Everyone who has watched the news has seen the SUV being attacked by a gang of motorcyclists in Manhattan. We watched a husband, wife and baby surrounded by terror, as their lives were seemingly going to end right before our eyes.
Most of us have imagined ourselves in a similar scenario and played out in our minds how we might react.
Such a scenario happened to my wife several years ago as she was traveling on Interstate 75 south of Cincinnati. A group of motorcyclists surrounded her car. Several got in front of her with several others to the side and others behind her car. As the cyclists in front of her drove slower and slower it was obvious to her they were trying to force her to pull off to the side of the road. Gripped with fear, she motioned that she was moving forward and floored the accelerator. Fortunately for the cyclists in front of her, they had a moment of rational thinking and got out of her way as she sped forward at 85 to 90 mph to get away from them.
The highway is no place for games, rage or acts of violence. Cyclists, truckers and automobile drivers should be courteous and share the road. We are all paying taxes on America's highways and all should be respectful of each other.
In the days ahead, we will hear from the driver and wife of the SUV. I would have called 9-1-1. Even today, not everyone has a cell phone. In such cases, we all need one to call for help. More and more phones today are capable of taking pictures and videotaping. When you are afraid for your life you do not always have time to be a photographer, but criminals and bullies do not want to be photographed. Without the videotape airing across the nation, who knows how this story might have been spun.
Finally, what if the family could have pulled a handgun out of the glove box? NYC law makes that very difficult in comparison to most of our country. However, residents of NYC should make every effort to achieve a legal permit and push every day for Second Amendment rights. What man or woman would not have begun firing the moment the window of that SUV was crashed? I would have fired away to protect my family if I had a gun.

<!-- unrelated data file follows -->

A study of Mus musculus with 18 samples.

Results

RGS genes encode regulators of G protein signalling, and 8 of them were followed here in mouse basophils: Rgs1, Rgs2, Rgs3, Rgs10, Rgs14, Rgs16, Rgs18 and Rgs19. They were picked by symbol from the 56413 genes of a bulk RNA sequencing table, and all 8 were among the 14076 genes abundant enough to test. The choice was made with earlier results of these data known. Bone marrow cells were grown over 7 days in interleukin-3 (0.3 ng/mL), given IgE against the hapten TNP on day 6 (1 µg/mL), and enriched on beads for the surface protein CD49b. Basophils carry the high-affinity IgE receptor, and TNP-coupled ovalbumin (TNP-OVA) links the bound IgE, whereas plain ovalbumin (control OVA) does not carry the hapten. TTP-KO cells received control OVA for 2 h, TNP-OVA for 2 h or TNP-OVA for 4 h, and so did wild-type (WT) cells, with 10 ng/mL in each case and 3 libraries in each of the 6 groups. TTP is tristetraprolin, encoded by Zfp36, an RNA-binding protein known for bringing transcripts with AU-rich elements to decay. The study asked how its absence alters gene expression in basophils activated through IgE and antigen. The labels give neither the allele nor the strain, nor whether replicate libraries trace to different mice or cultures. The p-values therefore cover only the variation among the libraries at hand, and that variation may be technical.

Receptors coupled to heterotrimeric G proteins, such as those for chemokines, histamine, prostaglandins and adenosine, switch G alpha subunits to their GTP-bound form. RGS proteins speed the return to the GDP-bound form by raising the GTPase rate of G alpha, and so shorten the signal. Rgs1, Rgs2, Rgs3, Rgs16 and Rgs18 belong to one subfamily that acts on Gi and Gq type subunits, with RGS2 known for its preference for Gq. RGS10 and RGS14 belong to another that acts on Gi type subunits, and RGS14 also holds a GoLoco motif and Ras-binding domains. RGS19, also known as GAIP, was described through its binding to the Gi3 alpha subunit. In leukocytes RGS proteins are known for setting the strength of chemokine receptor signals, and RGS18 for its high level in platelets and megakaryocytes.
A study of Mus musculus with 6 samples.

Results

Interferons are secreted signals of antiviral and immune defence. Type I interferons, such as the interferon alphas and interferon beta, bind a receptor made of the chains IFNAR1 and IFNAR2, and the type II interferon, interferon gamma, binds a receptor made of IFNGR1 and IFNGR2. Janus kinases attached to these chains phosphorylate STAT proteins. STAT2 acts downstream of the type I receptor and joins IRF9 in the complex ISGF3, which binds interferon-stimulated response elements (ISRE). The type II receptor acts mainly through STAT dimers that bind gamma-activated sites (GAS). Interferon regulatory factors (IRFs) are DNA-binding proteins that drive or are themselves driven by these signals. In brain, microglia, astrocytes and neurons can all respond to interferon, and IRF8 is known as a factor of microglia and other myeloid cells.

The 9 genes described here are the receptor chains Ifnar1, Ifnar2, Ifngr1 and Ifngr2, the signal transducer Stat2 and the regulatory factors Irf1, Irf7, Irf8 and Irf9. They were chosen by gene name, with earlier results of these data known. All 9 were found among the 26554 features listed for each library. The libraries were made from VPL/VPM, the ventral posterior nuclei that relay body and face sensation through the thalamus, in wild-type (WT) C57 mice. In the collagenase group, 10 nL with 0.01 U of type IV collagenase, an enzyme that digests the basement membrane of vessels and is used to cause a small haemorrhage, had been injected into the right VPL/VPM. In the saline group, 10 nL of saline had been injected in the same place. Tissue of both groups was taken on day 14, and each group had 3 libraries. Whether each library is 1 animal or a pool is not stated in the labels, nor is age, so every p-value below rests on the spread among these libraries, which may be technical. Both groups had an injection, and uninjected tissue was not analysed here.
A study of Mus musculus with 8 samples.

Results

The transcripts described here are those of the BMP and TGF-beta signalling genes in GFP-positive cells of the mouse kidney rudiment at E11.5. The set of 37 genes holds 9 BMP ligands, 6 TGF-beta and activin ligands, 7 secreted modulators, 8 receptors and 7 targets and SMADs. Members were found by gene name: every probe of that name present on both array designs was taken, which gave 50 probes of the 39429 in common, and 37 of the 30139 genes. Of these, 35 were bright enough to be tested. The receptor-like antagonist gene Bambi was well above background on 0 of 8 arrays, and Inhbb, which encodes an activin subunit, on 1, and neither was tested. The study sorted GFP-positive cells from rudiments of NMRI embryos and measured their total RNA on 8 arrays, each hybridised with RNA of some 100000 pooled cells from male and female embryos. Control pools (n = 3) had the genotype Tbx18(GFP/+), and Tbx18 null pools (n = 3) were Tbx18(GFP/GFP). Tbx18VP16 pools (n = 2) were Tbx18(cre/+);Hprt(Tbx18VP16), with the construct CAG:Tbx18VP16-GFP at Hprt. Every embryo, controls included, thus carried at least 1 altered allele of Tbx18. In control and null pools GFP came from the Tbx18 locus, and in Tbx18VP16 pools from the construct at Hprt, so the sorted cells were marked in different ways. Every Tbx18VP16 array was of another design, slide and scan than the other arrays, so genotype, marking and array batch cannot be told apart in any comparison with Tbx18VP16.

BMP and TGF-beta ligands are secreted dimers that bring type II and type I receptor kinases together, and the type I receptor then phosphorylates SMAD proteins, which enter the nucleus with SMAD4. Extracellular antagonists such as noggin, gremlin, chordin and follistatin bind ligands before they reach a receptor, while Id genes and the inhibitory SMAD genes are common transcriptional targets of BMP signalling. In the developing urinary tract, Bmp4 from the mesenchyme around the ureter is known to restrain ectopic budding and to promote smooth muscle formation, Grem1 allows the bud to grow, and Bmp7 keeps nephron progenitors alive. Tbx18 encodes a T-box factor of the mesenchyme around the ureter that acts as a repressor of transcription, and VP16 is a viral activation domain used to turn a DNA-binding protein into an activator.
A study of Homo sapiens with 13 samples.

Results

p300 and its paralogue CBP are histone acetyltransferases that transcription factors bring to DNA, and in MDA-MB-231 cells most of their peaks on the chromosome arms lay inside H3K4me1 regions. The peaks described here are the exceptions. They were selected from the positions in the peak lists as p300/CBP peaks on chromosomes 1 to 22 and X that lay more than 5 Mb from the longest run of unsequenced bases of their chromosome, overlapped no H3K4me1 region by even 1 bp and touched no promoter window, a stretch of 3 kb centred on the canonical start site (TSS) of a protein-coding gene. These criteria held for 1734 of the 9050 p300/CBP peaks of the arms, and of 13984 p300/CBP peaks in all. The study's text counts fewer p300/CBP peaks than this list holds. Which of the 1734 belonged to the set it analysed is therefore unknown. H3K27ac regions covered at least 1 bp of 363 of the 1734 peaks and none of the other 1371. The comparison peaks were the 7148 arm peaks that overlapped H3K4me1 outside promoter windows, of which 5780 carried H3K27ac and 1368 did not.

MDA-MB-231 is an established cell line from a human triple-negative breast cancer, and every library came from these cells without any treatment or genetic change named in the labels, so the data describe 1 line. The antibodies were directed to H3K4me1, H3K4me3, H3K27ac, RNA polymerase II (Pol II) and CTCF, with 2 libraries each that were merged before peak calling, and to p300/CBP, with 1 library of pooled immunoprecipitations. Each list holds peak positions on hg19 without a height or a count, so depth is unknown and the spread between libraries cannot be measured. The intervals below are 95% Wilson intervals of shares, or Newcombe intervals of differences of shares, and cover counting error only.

Obviously, the cyclists could have been armed as well and thus several people could have ended up dead. This brings us back to the extreme necessity that we must all utilize respect and common sense as we travel our highways. There is zero need for violence. We need to be grateful for freedom and the privilege to drive and chill out.
Give people some room. Don't ride people's bumpers. Don't cut people off. Do not use hand gestures with people as this only escalates driving tension. Do not harass people. Do not stop your car to get into a yelling match with someone.
There have been moments that all of us have felt like other motorists on the highway were jerks. Pursuing an altercation leads to nowhere. Try to keep your cool and drive responsibly.
And, in case such a scenario like the one that happened to the Manhattan family happens to you, remember your Second Amendment rights.
Glenn Mollette is an American columnist read in all 50 states. Contact him at GMollette@aol.com or "Like" his Facebook page at facebook.com/glennmollette.